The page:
Whitehall resident told city is working to fight crime

Wes Kantor addressed Whitehall City Council at the Nov. 6 meeting, asking what measures are being taken to fight crime in the area bordering Columbus.

Kantor also said that he appreciated the quick response to his brother’s home a few weeks ago when his dog was shot and killed.  

He said that officers did an outstanding job when they responded to the home at Maplewood and Etna roads.  

Two black youths on bicycles reportedly shot the dog who was in a fenced yard.  Bullets also struck a window and a vehicle.  

Kantor noted, "He wasn’t just a dog, but close to all our family."

He asked council and Mayor Lynn Ochsendorf what steps are being taken to resolve the severe crime that plagues the area.  

Ochsendorf shared that after a neighborhood meeting with his brother, city officials and police officers on Oct. 26, she has contacted the Columbus Police Department officials, who have promised to step up patrols in the area.


She has also contacted Columbus Mayor Michael Coleman, who she said she will be speaking to early the week of Nov. 12.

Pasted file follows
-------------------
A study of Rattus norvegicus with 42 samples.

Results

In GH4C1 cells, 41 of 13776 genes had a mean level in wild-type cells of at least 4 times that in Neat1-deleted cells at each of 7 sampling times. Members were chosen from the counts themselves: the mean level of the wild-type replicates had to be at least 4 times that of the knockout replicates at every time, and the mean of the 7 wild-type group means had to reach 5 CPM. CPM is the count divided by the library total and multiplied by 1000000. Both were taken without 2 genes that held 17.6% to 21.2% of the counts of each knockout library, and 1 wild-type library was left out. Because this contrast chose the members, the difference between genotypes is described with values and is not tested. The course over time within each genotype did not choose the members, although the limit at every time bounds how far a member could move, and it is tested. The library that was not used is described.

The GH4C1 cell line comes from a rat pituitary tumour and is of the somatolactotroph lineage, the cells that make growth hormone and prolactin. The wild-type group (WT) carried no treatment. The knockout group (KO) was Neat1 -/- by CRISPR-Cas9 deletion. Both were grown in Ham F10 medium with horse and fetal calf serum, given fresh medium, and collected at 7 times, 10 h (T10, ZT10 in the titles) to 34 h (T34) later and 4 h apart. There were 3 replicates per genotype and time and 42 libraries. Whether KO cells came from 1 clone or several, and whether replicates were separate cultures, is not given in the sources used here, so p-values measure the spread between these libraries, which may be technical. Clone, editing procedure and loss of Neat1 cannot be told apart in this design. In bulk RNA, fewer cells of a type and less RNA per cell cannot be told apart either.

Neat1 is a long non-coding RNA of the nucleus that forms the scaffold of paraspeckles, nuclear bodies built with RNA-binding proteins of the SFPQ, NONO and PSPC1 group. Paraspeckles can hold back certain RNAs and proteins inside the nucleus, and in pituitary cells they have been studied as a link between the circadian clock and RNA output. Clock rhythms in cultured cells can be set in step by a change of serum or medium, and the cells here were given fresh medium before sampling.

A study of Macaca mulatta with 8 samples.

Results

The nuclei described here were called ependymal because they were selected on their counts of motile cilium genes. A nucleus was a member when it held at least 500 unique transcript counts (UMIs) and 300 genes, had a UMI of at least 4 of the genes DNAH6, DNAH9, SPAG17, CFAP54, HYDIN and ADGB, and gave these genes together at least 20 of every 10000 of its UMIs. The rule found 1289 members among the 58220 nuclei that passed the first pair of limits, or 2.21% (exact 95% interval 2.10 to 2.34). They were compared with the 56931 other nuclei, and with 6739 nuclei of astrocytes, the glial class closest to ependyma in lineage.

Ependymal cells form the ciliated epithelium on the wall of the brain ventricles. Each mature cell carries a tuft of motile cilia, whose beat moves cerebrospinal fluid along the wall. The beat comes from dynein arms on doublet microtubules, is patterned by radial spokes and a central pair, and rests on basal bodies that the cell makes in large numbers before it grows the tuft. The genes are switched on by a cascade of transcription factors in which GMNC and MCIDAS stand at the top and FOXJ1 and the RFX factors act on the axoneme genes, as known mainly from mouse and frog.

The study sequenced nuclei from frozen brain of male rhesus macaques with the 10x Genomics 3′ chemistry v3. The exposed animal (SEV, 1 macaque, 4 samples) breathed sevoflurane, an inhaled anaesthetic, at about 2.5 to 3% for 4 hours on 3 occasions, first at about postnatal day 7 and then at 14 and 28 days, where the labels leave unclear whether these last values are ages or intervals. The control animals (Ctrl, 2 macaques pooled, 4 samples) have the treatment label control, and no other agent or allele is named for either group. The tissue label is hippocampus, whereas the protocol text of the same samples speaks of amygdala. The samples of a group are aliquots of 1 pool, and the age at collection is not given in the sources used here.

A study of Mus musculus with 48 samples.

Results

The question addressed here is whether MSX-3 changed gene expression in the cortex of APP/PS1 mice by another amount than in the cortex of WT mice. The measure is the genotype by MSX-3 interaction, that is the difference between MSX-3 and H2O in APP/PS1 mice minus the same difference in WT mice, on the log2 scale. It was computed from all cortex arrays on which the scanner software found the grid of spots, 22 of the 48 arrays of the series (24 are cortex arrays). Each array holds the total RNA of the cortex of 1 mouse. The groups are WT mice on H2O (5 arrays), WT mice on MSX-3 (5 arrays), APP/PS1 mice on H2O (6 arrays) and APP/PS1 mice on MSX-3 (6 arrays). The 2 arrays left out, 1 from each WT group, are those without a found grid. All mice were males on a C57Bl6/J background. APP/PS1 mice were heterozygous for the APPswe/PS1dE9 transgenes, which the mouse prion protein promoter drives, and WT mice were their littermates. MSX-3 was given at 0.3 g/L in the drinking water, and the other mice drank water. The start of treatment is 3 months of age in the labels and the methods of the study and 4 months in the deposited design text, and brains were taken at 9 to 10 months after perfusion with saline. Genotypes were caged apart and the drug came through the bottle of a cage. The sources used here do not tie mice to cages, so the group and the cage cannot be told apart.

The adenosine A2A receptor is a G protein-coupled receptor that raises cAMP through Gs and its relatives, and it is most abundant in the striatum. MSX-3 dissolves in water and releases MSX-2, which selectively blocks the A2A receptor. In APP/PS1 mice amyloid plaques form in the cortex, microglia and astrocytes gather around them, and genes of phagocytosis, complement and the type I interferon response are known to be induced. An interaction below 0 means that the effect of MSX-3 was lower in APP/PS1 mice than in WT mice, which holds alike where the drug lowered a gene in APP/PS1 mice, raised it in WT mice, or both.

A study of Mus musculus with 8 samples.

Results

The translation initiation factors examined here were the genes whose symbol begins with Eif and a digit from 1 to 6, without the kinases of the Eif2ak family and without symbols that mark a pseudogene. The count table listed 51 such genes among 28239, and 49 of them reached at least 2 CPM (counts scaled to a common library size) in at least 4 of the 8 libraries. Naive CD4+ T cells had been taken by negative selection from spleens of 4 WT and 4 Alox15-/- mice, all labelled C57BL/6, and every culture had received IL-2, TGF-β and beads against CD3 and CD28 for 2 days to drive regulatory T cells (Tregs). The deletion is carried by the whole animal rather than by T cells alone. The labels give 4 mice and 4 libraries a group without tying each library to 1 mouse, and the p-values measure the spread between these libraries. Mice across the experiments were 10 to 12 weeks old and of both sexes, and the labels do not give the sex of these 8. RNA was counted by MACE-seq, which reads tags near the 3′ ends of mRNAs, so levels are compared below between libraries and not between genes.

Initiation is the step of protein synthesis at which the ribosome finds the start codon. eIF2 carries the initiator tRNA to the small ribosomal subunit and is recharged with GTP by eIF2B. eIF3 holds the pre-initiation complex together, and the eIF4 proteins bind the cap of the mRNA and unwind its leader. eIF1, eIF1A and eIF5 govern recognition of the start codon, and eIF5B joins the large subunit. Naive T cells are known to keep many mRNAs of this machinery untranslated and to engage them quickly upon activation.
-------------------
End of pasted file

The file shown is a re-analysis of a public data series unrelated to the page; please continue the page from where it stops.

"I can’t imagine if someone shot my dog.  How long before it’s a child?" Ochsendorf asked.

She wants to see the owners of the apartment complex on Barnett Road, that abuts the Maplewood neighborhood, to take responsibility for the blight that breeds crime.

Police Chief Richard Zitzke explained to Kantor that there is not a simple solution to the problem, as it consists of three elements:  criminal, social and demographics.  

"Youth Violence Task Force money has been funded for additional patrol in the area, some high-profile, including the paddy wagon, and some undercover in plain clothes with unmarked cars," the chief offered.  "There’s a number of ongoing investigations happening right now."  

He indicated that his department will continue to aggressively pursue those efforts.

Zitzke said that his department is talking with the Columbus police again.  "We have had many conversations in the past.  That worked for short periods of time, and then fell off.  We will keep working on it."

The chief has also talked to interim City Attorney Kevin Shannon about mobilizing the neighbors to go after landlords in Environmental Court to eventually get rid of the buildings.  

"We have to go at it in a multi-faceted way," stated Zitzke.

Council President Brent Howard reiterated that the key component is that there is no cooperation from the landowner of the complex.

Zitzke told Kantor he would gladly discuss it further, and make himself available.  

The resident acknowledged that the traffic has decreased drastically, but he often sees youths dressed alike, indicating they are gang members, and walking around the neighborhoods in groups.  

"I live on Elbern, and can sit on my front porch.  They can’t in that neighborhood," commented Kantor.

The next council meeting will be Nov.  20 at 7:30 p.m.